2011-12-24 17:34:17 通知 wangfeng
PhD Studentship in Linguistics at the Department of Chinese and Bilingual Studies, The Hong Kong Polytechnic University
A full-time PhD position, funded with a 3-year studentship, is available in the Department of Chinese and Bilingual Studies at the Hong Kong Polytechnic University. This position is situated within the project titled “Crowdsourcing, Linguistic Analyses, and Language Resources”, funded by the Hong Kong Research Grant Council’s General Research Fund (GRF), and awarded to Prof Huang Chu Ren (Principal Investigator, Dept of Chinese & Bilingual Studies, The Hong Kong Polytechnic University), Dr. Angel Chan and Dr. Yao Yao (co-investigators, Dept of Chinese & Bilingual Studies, The Hong Kong Polytechnic University), Dr. Li, Shoushan (co-investigator, Dept of Computing, Soochow University), and Dr. Li Wenjie (co-investigator, Dept of Computing, The Hong Kong Polytechnic University). The abstract of the project can be found at the end of this posting.
The doctoral student will participate actively in project-related research meetings involving an interdisciplinary team of researchers that include faculty, postdocs and students in Linguistics, Psycholinguistics, Computational Linguistics, Computer Science and related disciplines. The PhD student is expected to take an active role in designing, conducting and interpreting a series of linguistic judgment experiments concerning word segmentation and transparency of compounds in a Chinese context, using both traditional laboratory experiments and crowdsourcing techniques (via the Mechanical Turk).
A native Chinese speaker with a Master degree in Linguistics, Psychology, Computer Science, Cognitive Science or a related field is required. Background in Linguistics is a prerequisite. Technical experience with or background in psycholinguistic experimental methodologies and/or crowdsourcing methodologies is preferred.
The position can start in February 2012 or as soon as possible thereafter. For more information about the postgraduate studentship, please see http://www.polyu.edu.hk/fh/PhD/Leaflet.pdf
Candidates should send a CV, samples of English written work, a copy of published papers (if any), a copy of master degree thesis (if any, or a draft if the thesis is still in writing), result(s) of public exams such as TOEFL, IELTS, or GRE indicating level of English proficiency, and two to three letters of recommendation electronically to a special gmail account:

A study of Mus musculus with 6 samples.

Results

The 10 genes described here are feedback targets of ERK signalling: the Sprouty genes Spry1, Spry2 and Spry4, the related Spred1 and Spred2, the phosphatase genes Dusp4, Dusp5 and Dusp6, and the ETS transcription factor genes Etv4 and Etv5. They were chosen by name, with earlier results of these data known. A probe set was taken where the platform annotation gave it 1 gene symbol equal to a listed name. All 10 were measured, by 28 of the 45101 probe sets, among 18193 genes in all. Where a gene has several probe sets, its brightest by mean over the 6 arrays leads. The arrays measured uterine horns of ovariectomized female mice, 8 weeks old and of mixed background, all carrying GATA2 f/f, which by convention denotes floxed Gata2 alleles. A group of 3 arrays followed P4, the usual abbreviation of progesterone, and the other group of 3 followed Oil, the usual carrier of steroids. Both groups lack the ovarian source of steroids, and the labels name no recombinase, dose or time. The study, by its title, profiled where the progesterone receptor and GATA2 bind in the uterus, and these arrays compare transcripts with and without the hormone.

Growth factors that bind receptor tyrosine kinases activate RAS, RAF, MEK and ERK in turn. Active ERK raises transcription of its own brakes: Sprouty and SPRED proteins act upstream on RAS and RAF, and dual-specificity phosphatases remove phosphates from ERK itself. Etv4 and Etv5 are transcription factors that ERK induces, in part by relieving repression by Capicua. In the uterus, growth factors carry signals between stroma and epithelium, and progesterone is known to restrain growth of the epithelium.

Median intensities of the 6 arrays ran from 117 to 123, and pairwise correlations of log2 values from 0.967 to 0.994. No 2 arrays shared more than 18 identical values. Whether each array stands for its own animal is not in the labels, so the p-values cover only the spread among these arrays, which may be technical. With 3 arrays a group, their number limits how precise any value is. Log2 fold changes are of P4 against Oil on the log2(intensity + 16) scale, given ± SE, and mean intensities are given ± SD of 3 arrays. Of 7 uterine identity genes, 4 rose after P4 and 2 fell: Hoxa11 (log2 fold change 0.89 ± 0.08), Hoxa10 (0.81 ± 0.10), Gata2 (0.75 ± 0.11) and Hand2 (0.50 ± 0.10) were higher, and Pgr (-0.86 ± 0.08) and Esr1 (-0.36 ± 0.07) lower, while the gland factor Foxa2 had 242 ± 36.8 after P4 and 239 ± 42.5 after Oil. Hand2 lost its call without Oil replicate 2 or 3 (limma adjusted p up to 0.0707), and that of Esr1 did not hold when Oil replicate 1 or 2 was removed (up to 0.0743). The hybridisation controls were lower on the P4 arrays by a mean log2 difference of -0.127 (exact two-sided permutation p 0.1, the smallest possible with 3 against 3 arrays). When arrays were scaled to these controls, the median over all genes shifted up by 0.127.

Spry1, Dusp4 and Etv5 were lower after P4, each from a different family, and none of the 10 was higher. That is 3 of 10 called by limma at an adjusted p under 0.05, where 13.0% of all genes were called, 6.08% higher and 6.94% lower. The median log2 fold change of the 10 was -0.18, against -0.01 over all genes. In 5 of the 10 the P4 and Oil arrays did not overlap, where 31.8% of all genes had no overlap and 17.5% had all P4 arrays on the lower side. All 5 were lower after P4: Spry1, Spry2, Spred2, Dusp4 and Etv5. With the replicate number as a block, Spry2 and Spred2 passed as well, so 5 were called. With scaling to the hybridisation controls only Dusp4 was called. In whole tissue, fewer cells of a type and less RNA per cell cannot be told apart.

Review of applications will begin on 15 January 2012 and will continue until the position is filled.
Abstract of the GRF project “Crowdsourcing, Linguistic Analyses, and Language Resources”
Empirical approaches to the scientific studies of language developed rapidly in the last few decades due to the introduction of psychological experiments and electronic corpora. As experiment and measurement tools become more and more sophisticated, and corpora grow bigger and more diversified, new research topics are frequently introduced and exciting discoveries are made. However, regardless of these two successful new directions, we still have not overcome one very basic bottleneck in linguistic research: a reasonably representative sampling size. Language is an ability shared by all human beings and a specific language is a convention of behaviours shared by thousands, even millions, of speakers. So far, the experimental approach can only access the language production data of no more than a few scores of speakers, while corpus sampling focuses on variations rather than repetitions. Ideally, linguistic studies should be based on the data produced by a substantial sample of all speakers from different background. The recent development of Mechanical Turk (MTurk) offers a new and unique opportunity to collect linguistic behavior data from a substantial number of speakers effectively and economically. In this research, we will design three linguistic studies using MTurk and compare the results with psycholinguistic experiments and manually corpus annotations in order to explore the linguistic interpretation, psychological co-relations, and computational implementation of this new ‘crowd-sourcing’ approach to linguistic studies. Results from the study will have implications for linguistic research as well as for applications such as public opinion mining in the Chinese context.